Melbourne City Council is wringing its hands again over developer land vagrancy – prime sites deliberately held vacant or with disused, dangerous buildings to assist developer lobbying of government for rezoning or advantageous building permits.
The issue last hit the news when a wall collapsed at the old CUB site in Swanston Street in 2013 killing three passers-by. It had been vacant for almost thirty years. Grocon pleaded guilty and paid a $250,000 fine.
This time it is the abandoned former Cancer Council headquarters a block away on the North West corner of Victoria Parade and Rathdowne Street, ‘infested with rodents and littered with human waste from squatters.’
Chinese billionaire developer Wang Hua bought the site in 2013 for $20.6m.
Last week the Magistrates Court ordered Hua interests to pay $13,337 in costs and compensation for failing to comply with a September emergency order to ensure all of the entry points were secure.
Authorised Wang Hua media spokesperson Craig Binnie made a veiled blackmail threat:
“If the council promises to fast track any future development plan, the building will be made safe and secure even faster.”
So, council can remedy this developer-created eyesore by abandoning deeply considered planning rules and allowing Hua interests to put up anything desired. Nice try, Mr Binnie. How about your employer makes the property safe while all of us go through due process on this important site.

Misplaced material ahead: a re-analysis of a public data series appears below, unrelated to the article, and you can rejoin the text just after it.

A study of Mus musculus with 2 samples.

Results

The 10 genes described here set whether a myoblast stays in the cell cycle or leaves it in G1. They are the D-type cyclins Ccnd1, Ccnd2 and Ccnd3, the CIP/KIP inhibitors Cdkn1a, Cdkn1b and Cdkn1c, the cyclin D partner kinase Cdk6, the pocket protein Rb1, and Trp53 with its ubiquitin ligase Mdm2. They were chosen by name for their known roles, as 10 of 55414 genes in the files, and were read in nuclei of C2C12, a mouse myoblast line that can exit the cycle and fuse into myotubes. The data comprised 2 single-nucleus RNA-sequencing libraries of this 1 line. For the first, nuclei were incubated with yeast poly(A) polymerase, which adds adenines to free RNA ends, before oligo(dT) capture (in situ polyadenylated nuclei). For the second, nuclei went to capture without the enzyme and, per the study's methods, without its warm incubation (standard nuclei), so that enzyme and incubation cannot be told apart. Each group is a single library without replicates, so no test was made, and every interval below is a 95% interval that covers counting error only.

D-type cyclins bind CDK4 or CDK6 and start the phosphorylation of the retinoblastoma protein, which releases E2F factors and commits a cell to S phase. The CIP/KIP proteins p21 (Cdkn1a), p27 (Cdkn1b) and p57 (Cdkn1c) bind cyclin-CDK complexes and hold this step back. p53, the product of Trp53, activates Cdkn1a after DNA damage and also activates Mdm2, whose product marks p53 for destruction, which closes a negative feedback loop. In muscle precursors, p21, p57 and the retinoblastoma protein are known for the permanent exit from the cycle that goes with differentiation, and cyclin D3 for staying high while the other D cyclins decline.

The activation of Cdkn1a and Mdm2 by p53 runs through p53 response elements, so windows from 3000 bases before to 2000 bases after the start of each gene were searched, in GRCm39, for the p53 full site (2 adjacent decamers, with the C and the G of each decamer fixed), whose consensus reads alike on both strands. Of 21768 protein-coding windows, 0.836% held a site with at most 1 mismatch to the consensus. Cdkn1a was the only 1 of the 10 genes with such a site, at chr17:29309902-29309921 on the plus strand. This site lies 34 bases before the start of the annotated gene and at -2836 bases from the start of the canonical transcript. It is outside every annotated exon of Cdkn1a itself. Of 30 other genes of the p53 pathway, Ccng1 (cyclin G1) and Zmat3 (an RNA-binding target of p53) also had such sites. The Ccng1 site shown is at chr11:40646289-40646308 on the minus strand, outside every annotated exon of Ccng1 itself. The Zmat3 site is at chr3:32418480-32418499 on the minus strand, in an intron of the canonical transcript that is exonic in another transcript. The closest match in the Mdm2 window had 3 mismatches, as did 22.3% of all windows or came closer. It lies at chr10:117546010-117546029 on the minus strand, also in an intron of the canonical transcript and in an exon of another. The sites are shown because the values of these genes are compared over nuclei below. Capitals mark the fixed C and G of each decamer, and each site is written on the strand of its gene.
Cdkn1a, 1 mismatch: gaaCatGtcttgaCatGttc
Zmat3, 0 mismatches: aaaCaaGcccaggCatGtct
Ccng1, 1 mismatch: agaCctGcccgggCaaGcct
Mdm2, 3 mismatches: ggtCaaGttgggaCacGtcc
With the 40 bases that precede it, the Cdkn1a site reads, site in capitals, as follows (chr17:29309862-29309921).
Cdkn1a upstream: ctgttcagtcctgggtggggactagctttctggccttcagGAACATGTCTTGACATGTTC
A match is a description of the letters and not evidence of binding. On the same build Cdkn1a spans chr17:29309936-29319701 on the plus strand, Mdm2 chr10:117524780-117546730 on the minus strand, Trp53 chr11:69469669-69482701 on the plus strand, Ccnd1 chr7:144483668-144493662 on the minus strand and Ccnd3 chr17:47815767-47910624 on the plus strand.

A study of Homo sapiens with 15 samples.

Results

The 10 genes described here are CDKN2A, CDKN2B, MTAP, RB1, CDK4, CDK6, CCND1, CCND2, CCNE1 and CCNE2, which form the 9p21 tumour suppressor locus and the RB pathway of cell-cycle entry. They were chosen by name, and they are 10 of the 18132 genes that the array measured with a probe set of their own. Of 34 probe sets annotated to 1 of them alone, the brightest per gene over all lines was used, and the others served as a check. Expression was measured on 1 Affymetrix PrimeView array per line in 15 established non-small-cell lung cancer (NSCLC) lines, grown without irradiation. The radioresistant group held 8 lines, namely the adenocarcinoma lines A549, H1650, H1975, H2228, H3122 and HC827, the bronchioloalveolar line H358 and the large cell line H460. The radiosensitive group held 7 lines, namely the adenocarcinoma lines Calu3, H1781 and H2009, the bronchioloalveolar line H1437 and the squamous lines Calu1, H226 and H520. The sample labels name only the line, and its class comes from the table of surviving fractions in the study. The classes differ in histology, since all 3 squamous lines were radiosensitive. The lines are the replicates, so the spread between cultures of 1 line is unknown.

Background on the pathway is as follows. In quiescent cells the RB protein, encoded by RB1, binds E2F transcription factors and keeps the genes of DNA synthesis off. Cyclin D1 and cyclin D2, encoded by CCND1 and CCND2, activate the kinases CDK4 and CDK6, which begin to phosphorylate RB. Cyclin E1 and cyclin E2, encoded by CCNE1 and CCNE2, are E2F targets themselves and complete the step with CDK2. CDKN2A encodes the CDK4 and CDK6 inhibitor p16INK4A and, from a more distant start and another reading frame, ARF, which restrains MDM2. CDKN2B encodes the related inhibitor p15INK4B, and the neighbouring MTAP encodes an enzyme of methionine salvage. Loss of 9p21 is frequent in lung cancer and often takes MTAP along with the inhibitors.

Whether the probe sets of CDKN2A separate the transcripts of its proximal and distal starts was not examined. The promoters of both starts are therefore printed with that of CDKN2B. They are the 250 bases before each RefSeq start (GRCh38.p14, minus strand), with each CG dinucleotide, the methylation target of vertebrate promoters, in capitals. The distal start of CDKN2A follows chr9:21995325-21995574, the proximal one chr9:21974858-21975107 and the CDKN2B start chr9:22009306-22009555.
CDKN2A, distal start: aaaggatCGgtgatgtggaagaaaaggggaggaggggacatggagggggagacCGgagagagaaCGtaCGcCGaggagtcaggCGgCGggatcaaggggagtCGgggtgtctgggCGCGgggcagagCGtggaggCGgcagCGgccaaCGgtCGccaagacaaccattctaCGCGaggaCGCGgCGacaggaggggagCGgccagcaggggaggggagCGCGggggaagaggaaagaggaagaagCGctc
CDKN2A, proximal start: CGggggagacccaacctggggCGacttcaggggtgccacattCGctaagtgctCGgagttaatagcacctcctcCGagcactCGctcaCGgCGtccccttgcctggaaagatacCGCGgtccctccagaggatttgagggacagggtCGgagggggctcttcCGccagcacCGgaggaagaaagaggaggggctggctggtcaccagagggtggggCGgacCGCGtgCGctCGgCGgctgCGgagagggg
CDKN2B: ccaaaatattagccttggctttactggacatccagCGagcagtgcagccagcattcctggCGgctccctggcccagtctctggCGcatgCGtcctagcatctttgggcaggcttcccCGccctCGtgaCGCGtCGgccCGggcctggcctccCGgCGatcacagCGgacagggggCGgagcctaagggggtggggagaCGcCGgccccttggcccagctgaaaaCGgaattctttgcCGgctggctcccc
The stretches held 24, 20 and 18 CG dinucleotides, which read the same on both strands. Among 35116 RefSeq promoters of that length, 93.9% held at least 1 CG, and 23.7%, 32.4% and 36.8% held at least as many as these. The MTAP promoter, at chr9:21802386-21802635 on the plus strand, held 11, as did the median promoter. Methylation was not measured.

Council has the means to stop this abuse dead – not by regulation, but through the rating base.
Melbourne City Council uses Net Annual Valuation (NAV), the worst rating method imaginable, which incentivises land vagrancy: the net rental return from vacant land is very low – perhaps a car park or plant nursery. The holder enjoys very low rates while a neighboring plot developed to its potential pays handsomely.
Developed sites generate more economic activity, more work for Council, but rating it this way taxes and discourages construction. Melbourne would be better served rating on market land values (Site Value (SV)), which fall equally on vacant or fully developed sites. A developed site shrugs off the cost; vacant sites pay. This modest yet insistent prompt to put land to use would transform lazy landholders into energetic builders.
City of Kingston has a useful definition of NAV:
Net Annual Value is either 5% of the CIV or the current value of a property’s net annual rental (gross annual rental less specified outgoings such as insurances, land tax and maintenance costs, but excluding Council rates). Residential dwellings and own your own flats by law must have an NAV which is 5 percent of the CIV.
For residential holders, NAV means CIV, stripped of the deductions enjoyed by commercial investors. Modest land holders subsidise the wealthy again!
CIV taxes any improvements a holder may erect on the land. A household with solar panels or a farmer putting up a shed both pay more than an otherwise identical property next door.
The ‘human waste’ from squatters may prompt instinctive indignation, when actually Mr Hua is solely responsible for the whole stinking mess.
Melbourne City Council can end developer vagrancy immediately with a decent rating system.